By Felicia Fonseca / Associated Press
FLAGSTAFF, Ariz. — A judge has ruled in favor of tribal nations in their bid to keep Alaska Native corporations from getting a share of $8 billion in coronavirus relief funding — at least for now.
In a decision issued late Monday, U.S. District Judge Amit Mehta in Washington, D.C., said the U.S. Treasury Department could begin disbursing funding to 574 federally recognized tribes to respond to the coronavirus but not to the corporations.
The ruling comes in a case brought by at least 15 tribes, including the Tulalips, against the Treasury Department. The tribes allege that Congress intended the funding to go only to tribal governments and that the corporations don’t fit within the definition of “Indian Tribe” in the Coronavirus Aid, Relief and Economic Security Act.
Mehta said the tribes easily showed they would suffer irreparable harm unless he limited the funding temporarily to tribal governments while he awaited more argument on the question of eligibility of Alaska Native corporations.
“These are monies that Congress appropriated on an emergency basis to assist tribal governments in providing core public services to battle a pandemic that is ravaging the nation, including in Indian Country,” Mehta said.
The Treasury Department and the U.S. Justice Department representing the Treasury did not immediately respond to requests for comment Monday.
Justice Department attorney Jason Lynch had argued that the Treasury Department’s decision to include Alaska Native corporations wasn’t subject to judicial review because the funding is for a public health emergency. Mehta rejected the argument.
The Treasury Department has said it could start sending payments to tribes Tuesday — two days past the deadline in the coronavirus relief bill. But it has not said how it would determine who gets what.
Harry Pickernell, Sr., the chairman of the lead plaintiff tribe, the Confederated Tribes of the Chehalis Reservation in Washington state, said he was pleased with the judge’s decision.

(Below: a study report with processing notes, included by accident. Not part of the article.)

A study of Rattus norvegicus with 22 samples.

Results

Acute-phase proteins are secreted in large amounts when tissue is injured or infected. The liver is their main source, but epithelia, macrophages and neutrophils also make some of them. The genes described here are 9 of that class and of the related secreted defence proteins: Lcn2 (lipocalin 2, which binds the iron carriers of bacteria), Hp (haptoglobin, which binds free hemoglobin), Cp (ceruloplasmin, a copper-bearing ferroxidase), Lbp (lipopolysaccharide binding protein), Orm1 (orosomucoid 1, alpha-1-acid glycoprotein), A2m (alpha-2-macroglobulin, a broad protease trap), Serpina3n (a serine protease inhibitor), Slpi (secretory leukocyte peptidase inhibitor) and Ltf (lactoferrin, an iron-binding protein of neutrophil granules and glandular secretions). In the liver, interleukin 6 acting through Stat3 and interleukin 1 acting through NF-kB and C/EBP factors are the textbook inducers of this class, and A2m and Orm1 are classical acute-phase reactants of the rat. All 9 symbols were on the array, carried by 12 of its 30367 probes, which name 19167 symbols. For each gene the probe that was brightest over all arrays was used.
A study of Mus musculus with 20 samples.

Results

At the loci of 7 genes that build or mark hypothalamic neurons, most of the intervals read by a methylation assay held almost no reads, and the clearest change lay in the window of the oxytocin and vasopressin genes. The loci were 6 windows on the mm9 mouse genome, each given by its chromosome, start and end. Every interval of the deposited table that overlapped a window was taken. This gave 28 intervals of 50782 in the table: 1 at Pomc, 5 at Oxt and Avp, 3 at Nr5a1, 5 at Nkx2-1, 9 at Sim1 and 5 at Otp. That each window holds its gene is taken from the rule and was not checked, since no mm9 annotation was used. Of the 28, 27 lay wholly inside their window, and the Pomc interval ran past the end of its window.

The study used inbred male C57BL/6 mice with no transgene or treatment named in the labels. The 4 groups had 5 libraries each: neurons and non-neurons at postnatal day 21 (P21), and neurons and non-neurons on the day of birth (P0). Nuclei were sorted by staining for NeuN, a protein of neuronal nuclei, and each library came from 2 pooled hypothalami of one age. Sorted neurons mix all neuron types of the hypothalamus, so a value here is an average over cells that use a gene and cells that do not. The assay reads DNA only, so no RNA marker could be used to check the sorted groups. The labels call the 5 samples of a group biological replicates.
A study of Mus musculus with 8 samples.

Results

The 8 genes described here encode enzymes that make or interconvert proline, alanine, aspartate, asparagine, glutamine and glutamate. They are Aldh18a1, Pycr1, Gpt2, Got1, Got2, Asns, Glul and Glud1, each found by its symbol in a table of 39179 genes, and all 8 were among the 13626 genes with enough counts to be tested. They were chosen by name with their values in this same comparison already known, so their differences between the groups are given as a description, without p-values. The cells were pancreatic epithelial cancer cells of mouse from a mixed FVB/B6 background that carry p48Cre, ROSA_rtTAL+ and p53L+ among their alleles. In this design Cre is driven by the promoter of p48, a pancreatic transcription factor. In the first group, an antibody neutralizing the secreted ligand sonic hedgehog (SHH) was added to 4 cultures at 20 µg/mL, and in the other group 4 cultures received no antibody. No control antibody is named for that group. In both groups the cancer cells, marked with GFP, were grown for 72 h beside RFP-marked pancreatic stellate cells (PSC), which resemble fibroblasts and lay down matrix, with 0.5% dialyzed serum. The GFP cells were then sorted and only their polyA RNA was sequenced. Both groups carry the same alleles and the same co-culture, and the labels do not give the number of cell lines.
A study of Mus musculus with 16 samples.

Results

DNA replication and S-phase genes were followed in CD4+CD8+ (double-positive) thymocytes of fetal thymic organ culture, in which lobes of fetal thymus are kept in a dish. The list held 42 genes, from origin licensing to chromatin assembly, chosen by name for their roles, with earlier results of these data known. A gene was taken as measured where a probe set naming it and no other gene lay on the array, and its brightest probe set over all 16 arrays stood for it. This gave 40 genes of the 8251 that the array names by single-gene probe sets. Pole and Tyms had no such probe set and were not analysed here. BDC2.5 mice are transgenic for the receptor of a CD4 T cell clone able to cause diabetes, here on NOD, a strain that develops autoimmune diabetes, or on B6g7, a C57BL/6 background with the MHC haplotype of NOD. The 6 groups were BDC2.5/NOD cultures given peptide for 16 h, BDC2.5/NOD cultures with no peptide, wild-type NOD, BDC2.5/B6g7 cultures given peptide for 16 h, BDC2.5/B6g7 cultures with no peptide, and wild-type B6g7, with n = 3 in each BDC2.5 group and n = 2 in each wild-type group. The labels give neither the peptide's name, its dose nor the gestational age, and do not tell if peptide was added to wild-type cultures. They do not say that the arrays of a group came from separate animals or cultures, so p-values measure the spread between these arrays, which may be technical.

“This ruling will help tribal governments to lead in the aid and recovery of their people,” he said in a statement.
Alaska Native corporations are unique to Alaska and own most of the Native land in the state under a 1971 settlement known as the Alaska Native Claims Settlement Act. Mehta said neither the corporations nor the Treasury Department showed the corporations are providing public services comparable to the tribes to combat the coronavirus.
The corporations, which are not parties to the lawsuit, have said they support Alaska Natives economically, socially and culturally.
Two associations representing some of the corporations — the ANCSA Regional Association and the Alaska Native Village Corporation Association — said they believe the corporations ultimately will be deemed eligible for funding.
“This will mean a delay in necessary resources and economic assistance for Alaska Native people in our communities and our state,” the groups said. “However, Alaska Native people have a history of resilience and strength. Together we will prevent the spread of COVID-19, care for those who get sick, and repair our economies.”
For most people, the coronavirus causes mild or moderate symptoms, such as fever and cough. For some, especially older adults and people with existing health problems, it can cause more severe illness and death. The vast majority of people recover.